Stem Cell Adjunct to LVAD Trial Negative, But 'Intriguing'

November 15, 2018

CHICAGO — The largest trial to date investigating the use of stem cells to enhance myocardial recovery in patients who have received a left ventricular assist device (LVAD) missed the primary end point of improved cardiac function, but has shown some intriguing results.

The study, which investigated the injection of allogeneic mesenchymal progenitor cells into the myocardium of patients receiving an LVAD device, did appear to show an improvement in patients with ischemic heart failure. In addition, there was a large reduction in gastrointestinal (GI) bleeding in patients who received the stem cells, compared with control subjects.

"There was a signal of benefit in patients with heart failure of an ischemic origin," lead investigator Francis D. Pagani, MD, University of Michigan, Ann Arbor, told theheart.org | Medscape Cardiology. "These results suggest that going forward it would be appropriate to focus on these patients as the target population for such treatment."

The reduction in GI bleeding in this study is an "exciting finding," Pagani said. LVADs often induce a systemic inflammation that can affect the GI blood vessels, and around 30% of recipients, or more, experience regular GI bleeding, he noted. "Our results showing a clinically meaningful reduction in mucosal bleeding are encouraging and, if substantiated, may lead to a new therapeutic approach."

As well as their postulated role of strengthening the myocardium, these cells could have an anti-inflammatory role secreting anti-inflammatory proteins, such as IL-10 and VEGF, he added.

"We believe this systemic anti-inflammatory role contributed to the observed reduction in bleeding in this study. A previous pilot study also suggested a benefit in GI bleeding," he said. "This gives us some idea of the mechanisms at play in stem cell therapy. There appears to be effects throughout the body, not just in the heart."

Pagani presented the results of the LVAD MPC-II trial at the recent American Heart Association Scientific Sessions 2018.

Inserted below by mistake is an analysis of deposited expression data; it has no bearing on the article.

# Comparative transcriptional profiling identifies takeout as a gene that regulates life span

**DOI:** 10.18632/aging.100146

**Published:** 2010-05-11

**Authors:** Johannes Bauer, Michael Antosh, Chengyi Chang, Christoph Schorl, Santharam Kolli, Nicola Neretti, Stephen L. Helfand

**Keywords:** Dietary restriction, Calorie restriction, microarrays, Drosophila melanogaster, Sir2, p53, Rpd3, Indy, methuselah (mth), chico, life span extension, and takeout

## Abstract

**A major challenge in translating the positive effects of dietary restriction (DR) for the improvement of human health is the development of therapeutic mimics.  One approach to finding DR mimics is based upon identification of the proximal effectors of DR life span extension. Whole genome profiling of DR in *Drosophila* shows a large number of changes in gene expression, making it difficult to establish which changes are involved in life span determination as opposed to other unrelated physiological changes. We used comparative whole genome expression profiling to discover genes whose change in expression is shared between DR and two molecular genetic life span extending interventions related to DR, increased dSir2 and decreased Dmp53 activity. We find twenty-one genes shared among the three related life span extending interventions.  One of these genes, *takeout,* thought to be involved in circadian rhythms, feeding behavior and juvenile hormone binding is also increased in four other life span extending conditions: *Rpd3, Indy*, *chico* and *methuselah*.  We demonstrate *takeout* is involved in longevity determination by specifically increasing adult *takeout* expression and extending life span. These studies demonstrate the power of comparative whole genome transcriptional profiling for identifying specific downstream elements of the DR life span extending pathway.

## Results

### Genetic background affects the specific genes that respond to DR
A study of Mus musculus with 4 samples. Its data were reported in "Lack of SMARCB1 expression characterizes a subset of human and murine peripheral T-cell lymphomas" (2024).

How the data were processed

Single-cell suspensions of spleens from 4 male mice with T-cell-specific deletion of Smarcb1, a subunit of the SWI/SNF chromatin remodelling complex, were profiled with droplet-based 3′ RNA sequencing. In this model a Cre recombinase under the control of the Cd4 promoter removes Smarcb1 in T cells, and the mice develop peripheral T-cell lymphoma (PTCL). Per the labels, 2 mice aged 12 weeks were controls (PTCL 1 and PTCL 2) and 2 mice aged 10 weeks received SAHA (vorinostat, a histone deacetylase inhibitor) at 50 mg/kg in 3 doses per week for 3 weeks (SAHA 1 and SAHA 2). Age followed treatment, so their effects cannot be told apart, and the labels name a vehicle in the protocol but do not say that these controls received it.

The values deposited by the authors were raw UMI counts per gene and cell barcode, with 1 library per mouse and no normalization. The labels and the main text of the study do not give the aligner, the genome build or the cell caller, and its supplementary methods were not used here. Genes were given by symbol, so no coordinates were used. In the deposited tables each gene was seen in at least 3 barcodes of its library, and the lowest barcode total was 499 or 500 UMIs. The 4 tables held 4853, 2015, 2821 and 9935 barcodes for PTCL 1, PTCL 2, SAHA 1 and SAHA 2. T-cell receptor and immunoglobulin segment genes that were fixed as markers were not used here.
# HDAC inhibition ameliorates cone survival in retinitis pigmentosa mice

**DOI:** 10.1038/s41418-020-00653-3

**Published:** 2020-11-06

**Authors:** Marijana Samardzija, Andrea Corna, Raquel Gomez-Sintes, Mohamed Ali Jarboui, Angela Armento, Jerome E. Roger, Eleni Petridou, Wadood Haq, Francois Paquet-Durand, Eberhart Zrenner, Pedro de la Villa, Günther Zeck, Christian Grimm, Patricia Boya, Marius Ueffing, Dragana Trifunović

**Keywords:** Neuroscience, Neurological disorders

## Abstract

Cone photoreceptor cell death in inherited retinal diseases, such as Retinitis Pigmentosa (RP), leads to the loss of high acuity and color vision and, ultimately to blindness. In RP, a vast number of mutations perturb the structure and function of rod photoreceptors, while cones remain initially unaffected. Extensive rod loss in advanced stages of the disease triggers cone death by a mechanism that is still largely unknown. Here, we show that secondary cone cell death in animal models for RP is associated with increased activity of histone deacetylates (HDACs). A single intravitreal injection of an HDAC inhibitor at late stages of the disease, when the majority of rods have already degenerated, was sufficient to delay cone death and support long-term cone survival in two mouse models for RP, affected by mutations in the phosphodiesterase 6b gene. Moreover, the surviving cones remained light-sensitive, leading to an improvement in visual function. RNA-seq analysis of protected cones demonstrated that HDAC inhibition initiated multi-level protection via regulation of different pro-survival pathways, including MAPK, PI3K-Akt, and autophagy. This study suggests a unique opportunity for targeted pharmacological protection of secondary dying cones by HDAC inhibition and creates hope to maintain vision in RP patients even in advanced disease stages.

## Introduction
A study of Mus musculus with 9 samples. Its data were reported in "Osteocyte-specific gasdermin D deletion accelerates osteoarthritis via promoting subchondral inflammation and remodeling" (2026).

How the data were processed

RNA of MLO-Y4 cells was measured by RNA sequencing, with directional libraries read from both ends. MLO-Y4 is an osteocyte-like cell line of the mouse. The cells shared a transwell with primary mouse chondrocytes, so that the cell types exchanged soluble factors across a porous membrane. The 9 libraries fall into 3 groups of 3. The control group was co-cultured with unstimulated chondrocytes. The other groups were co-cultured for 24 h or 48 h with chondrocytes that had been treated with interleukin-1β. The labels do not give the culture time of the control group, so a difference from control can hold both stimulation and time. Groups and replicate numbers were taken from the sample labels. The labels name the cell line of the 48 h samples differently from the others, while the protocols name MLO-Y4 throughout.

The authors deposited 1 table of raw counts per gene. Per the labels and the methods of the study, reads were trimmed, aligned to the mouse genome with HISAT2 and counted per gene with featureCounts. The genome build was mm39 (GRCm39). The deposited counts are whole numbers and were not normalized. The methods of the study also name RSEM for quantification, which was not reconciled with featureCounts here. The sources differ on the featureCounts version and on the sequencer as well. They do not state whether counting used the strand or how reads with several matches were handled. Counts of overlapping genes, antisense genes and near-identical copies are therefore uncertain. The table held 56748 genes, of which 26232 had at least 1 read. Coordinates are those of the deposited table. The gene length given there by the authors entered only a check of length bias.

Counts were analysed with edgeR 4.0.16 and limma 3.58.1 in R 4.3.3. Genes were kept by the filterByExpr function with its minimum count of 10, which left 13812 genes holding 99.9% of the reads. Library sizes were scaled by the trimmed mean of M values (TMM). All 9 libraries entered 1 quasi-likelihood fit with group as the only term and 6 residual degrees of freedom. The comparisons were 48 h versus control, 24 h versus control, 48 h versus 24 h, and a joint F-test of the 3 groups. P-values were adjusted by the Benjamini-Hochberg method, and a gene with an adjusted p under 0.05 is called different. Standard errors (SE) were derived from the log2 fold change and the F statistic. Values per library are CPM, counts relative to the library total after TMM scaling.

Designated discussant for the study, Joseph C. Wu, MD, PhD, Stanford University School of Medicine, California, commended Pagani and colleagues for conducting "a well-designed and very well balanced, fair, and objective study."

"These LVAD patients are quite sick so any kind of novel therapy that can improve their morbidity is welcomed," Wu commented to theheart.org | Medscape Cardiology.

"These allogeneic mesenchymal progenitor cells are multipotent cells that have been shown to secrete antiapoptotic and proangiogenic factors. The results of this are actually quite intriguing and I hope would stimulate the investigators to conduct follow-up studies on why MPCs benefit ischemic patients more and why they reduce incidence of mucosal bleeding," he added.

Pagani noted that a previous exploratory study in 30 patients suggested a benefit of using a low dose of skeletal muscle-derived MPCs in improved temporary LVAD weaning without safety concerns.

The current trial was a phase 2 follow-up study to evaluate intramyocardial injection of a higher dose (150 million) of bone marrow derived MPCs in patients undergoing LVAD implantation.

The study enrolled 159 patients with advanced heart failure from ischemic or nonischemic etiology undergoing LVAD implantation. They were randomized 2:1 to MPCs or sham control (cryoprotective media alone).

The primary efficacy end point was the number of successful temporary weans (out of three planned assessments) from full to minimal LVAD support in the 6 months after randomization.

Temporary weaning was performed at 2, 4, 6, 9, and 12 months after LVAD implantation. A successful wean was defined as the ability to tolerate temporary weaning from LVAD support for 30 minutes without sustained symptoms of worsening heart failure.

Results showed the average proportion of successful temporary weans was 61% in the stem cell group and 58% in the control group, a nonsignificant difference (RR, 1.08; 95% CI, 0.83 - 1.41; P = .55).

However, on subgroup analysis, there did appear to be a benefit in patients with ischemic cardiomyopathy (RR, 1.55, 95% CI, 1.01 - 2.36).

There was a large reduction in GI bleeding, with an event rate per 100 patient-months of 3.8 in the stem cell group and 15.9 in the control group (P < .001).

In terms of safety, no patient developed a primary safety stopping event (adverse events, including infectious myocarditis, myocardial rupture, neoplasm, hypersensitivity reaction, and immune sensitization).

But there was an increase in allosensitization to class I HLA antigens (26% in the stem cell group vs 9.4% in the control group).

"This is the development of antibodies to the stem cells," Pagani explained. "This could be problematic in patients who are awaiting a transplant, but in elderly patients in whom a transplant is not appropriate, this is not really clinically relevant.

"We are particularly encouraged by the reduction in GI bleeding shown in this study. We still have further blood and tissue samples to analyze then we will discuss how to go forward," he said.

The trial was sponsored by the US National Institutes of Health (NIH), and the Canadian Institutes for Health Research (CIHR). Pagani reports no disclosures.

American Heart Association (AHA) Scientific Sessions 2018: Session LBS.06. Presented November 11, 2018.